New breast cancer treatment can offer '10 extra months of life'
Nearly a quarter of patients with triple-negative breast cancer will not survive for more than five years
A new treatment could offer up to 10 months' extra life for women with one of the most aggressive forms of breast cancer, following a successful British trial.
Using a combination of immunotherapy and chemotherapy, the body's immune system can be tuned to attack triple-negative breast cancer, scientists found.
The research, carried out by Queen Mary University of London (QMUL) and St Bartholomew's Hospital, also showed that the combined treatment reduced the risk of death or the cancer progressing by up to 40%.
Professor Peter Schmid, a professor of cancer medicine at QMUL and the author of the trial, described the results as a "massive step forward".
"Triple-negative breast cancer is an aggressive form of breast cancer; we have been desperately looking for better treatment options," he said. "It is particularly tragic that those affected are often young, with many themselves having young families."
Triple-negative breast cancer is one of the most deadly forms of the disease and nearly a quarter of patients diagnosed will not survive for more than five years. The standard treatment for it is chemotherapy, which most patients quickly develop resistance to. If the disease spreads to other parts of the body, survival is typically only 12 to 15 months. But with the new treatment, researchers say that survival could be extended by up to 10 months.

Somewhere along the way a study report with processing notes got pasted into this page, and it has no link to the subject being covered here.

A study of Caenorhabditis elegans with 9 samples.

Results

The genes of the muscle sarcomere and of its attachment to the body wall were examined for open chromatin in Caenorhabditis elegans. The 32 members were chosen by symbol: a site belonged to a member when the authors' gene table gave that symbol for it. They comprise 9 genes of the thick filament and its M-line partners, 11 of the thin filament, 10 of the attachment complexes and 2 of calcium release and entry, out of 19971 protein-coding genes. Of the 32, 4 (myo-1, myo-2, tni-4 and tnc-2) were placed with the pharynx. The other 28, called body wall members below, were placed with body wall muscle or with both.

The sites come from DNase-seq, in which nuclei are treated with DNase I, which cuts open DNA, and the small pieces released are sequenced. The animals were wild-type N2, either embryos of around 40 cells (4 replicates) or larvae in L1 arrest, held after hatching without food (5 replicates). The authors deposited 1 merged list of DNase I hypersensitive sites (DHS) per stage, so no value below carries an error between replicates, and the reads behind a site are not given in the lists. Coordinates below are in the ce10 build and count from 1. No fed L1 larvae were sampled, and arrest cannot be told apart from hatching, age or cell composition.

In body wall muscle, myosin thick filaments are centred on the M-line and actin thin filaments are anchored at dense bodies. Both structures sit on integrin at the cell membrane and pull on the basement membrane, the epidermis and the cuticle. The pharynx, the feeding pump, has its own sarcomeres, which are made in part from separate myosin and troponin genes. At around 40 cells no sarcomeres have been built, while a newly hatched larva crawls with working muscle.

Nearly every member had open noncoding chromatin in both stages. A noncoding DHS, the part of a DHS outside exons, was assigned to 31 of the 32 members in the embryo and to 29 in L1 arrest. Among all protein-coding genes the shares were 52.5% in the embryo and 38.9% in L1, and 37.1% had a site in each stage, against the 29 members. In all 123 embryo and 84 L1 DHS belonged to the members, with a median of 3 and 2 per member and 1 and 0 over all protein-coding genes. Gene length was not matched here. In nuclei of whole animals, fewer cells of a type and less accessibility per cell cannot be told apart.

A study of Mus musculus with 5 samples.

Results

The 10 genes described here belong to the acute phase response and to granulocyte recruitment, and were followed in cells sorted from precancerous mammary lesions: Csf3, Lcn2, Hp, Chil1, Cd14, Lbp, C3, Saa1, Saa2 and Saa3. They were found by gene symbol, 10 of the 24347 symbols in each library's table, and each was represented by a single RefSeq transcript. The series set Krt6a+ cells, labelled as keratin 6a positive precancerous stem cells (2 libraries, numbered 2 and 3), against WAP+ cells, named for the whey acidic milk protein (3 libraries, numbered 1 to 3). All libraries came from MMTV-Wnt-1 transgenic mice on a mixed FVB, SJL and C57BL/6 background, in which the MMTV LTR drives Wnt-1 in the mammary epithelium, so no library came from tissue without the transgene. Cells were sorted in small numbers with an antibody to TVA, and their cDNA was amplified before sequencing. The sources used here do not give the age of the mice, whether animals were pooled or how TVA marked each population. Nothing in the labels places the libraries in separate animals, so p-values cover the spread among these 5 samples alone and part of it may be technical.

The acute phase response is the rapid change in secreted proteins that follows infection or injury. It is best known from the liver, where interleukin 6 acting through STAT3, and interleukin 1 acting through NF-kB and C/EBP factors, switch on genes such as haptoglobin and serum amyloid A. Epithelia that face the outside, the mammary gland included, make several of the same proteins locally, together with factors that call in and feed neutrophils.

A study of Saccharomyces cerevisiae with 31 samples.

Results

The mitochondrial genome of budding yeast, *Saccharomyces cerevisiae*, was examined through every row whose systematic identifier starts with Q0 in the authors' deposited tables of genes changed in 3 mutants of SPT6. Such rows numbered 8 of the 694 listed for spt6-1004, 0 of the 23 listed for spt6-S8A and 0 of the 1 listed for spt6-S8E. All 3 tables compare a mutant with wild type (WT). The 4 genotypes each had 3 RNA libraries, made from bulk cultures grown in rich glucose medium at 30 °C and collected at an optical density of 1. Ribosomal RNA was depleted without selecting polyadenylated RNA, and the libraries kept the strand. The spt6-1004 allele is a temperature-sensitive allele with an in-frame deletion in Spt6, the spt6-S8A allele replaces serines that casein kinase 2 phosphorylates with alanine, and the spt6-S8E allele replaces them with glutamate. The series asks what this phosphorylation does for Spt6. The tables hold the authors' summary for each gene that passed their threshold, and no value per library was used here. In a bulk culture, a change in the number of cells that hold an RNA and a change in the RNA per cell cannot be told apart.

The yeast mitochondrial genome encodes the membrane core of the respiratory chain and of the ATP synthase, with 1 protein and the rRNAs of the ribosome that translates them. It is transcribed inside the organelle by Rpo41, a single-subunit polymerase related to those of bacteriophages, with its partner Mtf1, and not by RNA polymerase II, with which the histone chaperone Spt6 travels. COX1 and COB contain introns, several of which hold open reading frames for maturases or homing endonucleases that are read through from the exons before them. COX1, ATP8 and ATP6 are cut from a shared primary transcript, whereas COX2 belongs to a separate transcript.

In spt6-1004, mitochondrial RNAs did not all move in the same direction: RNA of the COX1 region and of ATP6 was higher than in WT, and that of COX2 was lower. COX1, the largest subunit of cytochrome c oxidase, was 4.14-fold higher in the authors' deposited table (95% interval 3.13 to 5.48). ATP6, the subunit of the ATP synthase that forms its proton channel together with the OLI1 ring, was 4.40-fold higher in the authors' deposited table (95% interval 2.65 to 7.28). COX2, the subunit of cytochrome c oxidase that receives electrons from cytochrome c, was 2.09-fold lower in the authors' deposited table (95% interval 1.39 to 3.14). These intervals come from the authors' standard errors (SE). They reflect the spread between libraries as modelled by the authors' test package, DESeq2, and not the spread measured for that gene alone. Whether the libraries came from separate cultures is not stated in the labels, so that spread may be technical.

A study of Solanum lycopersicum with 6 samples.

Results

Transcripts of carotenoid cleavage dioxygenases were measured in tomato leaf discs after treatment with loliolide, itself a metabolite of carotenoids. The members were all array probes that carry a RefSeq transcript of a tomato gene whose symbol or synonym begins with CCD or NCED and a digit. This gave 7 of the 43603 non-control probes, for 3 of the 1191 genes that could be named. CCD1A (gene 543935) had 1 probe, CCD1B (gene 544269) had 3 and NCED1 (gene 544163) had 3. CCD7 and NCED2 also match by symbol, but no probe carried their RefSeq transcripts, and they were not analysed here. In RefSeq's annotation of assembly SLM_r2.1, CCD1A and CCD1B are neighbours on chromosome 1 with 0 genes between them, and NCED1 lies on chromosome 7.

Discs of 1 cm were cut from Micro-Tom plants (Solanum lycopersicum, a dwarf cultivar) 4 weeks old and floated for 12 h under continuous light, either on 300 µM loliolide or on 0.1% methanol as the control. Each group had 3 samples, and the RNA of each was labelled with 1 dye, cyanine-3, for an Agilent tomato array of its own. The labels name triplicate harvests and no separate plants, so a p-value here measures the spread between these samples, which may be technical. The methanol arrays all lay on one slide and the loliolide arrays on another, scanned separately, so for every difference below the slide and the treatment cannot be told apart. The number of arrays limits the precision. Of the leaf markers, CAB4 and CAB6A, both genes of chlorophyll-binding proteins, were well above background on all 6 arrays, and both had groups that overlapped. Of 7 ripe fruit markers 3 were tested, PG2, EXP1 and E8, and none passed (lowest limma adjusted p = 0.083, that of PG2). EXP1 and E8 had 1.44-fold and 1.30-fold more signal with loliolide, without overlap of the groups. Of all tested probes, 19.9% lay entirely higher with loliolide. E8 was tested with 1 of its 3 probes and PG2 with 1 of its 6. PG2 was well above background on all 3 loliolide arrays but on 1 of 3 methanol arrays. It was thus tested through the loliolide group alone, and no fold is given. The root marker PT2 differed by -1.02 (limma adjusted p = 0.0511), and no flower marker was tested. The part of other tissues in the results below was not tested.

Schmid, who is clinical director of the breast cancer centre at St Bartholomew's Hospital, said: "We are changing how triple-negative breast cancer is treated in proving, for the first time, that immune therapy has a substantial survival benefit," he said.
"In a combined treatment approach, we are using chemotherapy to tear away the tumor's 'immune-protective cloak' to expose it, as well as enabling people's own immune system to get at it."
The new treatment combines the standard weekly chemotherapy with the immunotherapy medication, atezolizumab, once every two weeks. The combination works by chemotherapy "roughening up" the surface of the cancer, which enables the immune system to better recognise and therefore fight the cancer as a foreign object. Following the results of this trial, which were published in The New England Journal of Medicine, the new treatment is now under review by health authorities who will decide whether to offer it on the UK's National Health Service (NHS).